Canadian Poultry Magazine

Our Cabinet got us into this, they must now get us out!

By Fred W Beeson   

Features 100th anniversary Key Developments Business/Policy Canada Sustainability

November 1947

So much discussion, so many meetings by so many groups, so much fear expressed as to the outlook for poultrymen, that one wonders if this is the same country and the same industry that a year ago was girding its loins for an all-out effort to produce more eggs for Britain.

Going back to the meeting of the provisional National Poultry Industries Council at Saskatoon with the Rt. Hon. James. G. Gardiner, Minister of Agriculture, early in October, the gravest problems were to get the coarse grains flowing freely from the west to Ontario and Quebec, who had experience near-crop failures, and to secure assurance that price ceilings on grain would be maintained.

Mr. Gardiner intimated that in order to get grain flowing from western farms it would be necessary to remove price ceilings, and two weeks later this was done. Meanwhile ceilings on proteins had been removed and fish meal jumped one hundred per cent overnight.


Since then nothing that farmers’ organizations and the P.I.C.’s across the Dominion have been able to do has improved the position of the feeders of grains and proteins. Ontario and Quebec P.I.C.’s met and learned from W. A. Brown that future egg contracts with Britain might have to be made on a sterling instead of a dollar basis, and a hasty inter-provincial meeting was called in Winnipeg for the purpose of mapping out a course of action taking into consideration present and possible future prices of feeds and the use of sterling instead of dollars.

The Winnipeg meeting was not to be reported upon for several weeks, though why, when the whole matter was discussed previously at Guelph, Ont., between the Ontario and Quebec P.I.C.’s, is hard to understand. The Guelph meeting has been very fully reported in the farm press, and its publicity has not made the situation any worse.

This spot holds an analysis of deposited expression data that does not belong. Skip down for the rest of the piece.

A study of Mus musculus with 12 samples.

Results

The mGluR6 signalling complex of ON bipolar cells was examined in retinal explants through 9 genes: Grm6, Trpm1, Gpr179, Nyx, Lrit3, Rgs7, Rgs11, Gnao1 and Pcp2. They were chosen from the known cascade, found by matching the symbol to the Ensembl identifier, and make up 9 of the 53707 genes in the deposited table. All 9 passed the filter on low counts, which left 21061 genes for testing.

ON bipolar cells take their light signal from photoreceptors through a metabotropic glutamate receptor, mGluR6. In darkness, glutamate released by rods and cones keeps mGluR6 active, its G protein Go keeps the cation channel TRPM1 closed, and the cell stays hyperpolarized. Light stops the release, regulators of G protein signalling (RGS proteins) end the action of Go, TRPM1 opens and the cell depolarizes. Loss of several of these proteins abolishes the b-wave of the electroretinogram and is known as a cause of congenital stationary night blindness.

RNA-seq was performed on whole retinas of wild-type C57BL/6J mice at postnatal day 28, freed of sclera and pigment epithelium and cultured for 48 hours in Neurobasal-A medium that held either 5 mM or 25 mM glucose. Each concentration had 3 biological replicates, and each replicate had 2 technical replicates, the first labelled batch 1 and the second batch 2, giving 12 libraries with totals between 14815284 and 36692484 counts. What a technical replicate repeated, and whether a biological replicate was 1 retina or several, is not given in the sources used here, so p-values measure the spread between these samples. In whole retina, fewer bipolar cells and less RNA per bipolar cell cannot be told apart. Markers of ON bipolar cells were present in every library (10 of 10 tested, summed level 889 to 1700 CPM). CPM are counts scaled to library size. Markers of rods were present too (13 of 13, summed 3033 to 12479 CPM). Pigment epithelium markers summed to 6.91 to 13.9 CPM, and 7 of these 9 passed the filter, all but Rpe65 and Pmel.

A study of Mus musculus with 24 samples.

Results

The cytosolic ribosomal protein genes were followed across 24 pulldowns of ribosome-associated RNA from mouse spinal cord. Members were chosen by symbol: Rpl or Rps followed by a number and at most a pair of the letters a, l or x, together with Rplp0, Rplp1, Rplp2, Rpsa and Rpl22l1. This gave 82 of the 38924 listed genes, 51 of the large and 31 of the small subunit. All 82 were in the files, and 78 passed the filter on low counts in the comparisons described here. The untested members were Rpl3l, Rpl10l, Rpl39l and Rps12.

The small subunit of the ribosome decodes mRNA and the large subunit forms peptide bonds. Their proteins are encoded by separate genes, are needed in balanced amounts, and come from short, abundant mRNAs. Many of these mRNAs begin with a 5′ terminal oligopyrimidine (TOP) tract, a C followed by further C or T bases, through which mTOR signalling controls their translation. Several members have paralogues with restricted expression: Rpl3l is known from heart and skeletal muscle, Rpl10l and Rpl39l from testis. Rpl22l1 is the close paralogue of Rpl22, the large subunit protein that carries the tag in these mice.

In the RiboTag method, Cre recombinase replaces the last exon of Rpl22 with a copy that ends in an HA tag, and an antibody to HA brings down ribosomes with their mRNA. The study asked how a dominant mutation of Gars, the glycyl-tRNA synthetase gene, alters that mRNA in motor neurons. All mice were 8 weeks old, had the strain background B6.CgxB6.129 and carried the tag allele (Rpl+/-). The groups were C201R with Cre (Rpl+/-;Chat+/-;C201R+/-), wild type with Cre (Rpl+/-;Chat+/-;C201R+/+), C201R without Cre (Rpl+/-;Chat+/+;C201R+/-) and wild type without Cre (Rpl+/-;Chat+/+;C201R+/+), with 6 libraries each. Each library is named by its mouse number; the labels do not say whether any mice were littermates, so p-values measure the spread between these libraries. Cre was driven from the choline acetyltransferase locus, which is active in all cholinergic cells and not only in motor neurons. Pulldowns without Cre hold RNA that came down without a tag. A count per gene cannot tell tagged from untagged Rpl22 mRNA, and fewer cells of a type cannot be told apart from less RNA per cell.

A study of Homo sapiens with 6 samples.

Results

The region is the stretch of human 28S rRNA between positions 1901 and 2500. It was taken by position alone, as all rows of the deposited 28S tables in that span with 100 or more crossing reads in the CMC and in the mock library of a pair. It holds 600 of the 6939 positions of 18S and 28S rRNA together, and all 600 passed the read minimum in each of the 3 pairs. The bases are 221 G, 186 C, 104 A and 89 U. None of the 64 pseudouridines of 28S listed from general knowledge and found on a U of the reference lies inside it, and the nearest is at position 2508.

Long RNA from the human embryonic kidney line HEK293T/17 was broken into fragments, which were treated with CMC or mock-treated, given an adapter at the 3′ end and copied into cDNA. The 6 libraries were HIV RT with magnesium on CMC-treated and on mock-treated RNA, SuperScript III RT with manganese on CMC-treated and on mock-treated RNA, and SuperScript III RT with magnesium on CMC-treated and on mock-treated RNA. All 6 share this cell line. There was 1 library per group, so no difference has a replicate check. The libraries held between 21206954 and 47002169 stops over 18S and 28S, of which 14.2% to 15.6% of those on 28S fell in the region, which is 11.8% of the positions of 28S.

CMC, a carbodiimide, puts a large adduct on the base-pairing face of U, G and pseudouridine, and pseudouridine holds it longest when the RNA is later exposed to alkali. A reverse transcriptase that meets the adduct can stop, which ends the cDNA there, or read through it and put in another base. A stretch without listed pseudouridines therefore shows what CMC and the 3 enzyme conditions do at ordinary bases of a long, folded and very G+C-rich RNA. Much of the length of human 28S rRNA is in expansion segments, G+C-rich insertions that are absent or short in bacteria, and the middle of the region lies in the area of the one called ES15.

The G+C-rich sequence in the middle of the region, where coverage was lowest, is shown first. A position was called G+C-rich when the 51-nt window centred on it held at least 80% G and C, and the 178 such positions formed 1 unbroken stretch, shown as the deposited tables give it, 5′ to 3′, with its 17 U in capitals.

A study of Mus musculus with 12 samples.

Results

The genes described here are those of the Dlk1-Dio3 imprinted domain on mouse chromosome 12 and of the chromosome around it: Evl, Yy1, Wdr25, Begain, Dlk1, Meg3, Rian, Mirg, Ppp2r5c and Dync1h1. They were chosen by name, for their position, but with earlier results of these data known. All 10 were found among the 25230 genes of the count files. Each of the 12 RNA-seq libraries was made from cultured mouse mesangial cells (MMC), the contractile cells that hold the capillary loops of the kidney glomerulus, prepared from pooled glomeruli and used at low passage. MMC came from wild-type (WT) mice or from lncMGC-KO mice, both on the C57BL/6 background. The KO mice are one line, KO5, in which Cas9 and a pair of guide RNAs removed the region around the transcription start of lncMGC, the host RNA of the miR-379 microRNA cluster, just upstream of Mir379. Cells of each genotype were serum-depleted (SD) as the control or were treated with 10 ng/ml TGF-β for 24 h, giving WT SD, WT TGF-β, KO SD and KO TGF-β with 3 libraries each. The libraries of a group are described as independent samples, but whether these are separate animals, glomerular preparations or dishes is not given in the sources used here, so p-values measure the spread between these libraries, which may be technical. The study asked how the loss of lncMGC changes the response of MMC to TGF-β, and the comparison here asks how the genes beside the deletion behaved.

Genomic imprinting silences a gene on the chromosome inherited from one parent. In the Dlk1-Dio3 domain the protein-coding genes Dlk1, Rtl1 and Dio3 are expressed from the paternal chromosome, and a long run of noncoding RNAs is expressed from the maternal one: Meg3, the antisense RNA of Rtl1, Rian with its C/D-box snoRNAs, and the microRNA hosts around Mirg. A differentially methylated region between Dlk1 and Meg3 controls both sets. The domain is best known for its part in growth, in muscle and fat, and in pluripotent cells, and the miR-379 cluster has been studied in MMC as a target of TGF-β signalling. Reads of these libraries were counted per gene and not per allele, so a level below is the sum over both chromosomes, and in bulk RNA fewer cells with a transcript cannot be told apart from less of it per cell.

British Columbia’s Poultry Industries Council has been exceedingly active and is in close touch with the provisional National chairman and secretary in Ontario. The problem is much bigger than just eggs and the British Food Mission is to be in Ottawa during the November and December to re-negotiate contracts for all food purchases.

The acceptance by us of sterling should open the way for far greater trading. Britain has many goods to sell us, textiles, films, machinery, china, automobiles, and a list that could be continued indefinitely. According to Mr. W. A. Brown, of the Special Products Board, she needs even more eggs than she is getting from us, and large quantities of dressed poultry besides. If we have to get down to a barter basis, well, so much the better. To restrict business between the two countries because of a shortage of American dollars will, no doubt, look extremely silly when this period of international upsets becomes history.

The worst feature of the present impasse is the time element. The hatching season is just around the corner and to-date there are fewer flocks’ blood tested than last year, and early orders for chicks are exceedingly slim, from all accounts. The industry is going through a period of jitters, and no wonder, with the price of feed so out of line with the selling prices of our products.

It is being openly talked about that with the opening of Parliament on December 5th the Cabinet will announce that a whole new schedule has been mapped out with Britain for the uninterrupted exchange of goods, among them our agricultural products.

If such is the case it will not be a moment too soon, to restore confidence among poultrymen and get plans underway for a chick season as heavy as last spring’s. Any lessening in production next fall will curtail egg shipments to Britain, disappoint her people of even the present meager supply of eggs, and send her looking elsewhere for supplies.

As it stands now we don’t know whether the removal of subsidies and ceilings was good politics or just plain bad business. Whichever it was, the results to date have been disastrous for our industry. All the careful planning of a year ago would seem to have been for nothing; the conferences in each province and periodically at Ottawa, to say nothing of the time given so unselfishly by the men within the industry, at this moment looks to be a complete waste.

Turning defeat into victory is nothing new for our people to experience. Getting the poultry industry back into high gear will not be impossible. But it cannot be done until cost of production is brought into line with selling prices. Deluged as they have been with protests and advice from every producing area, those responsible at Ottawa have all the facts before them to straighten out the mess their precipitous action got us into. They are the ones who MUST do it, or risk oblivion if they don’t.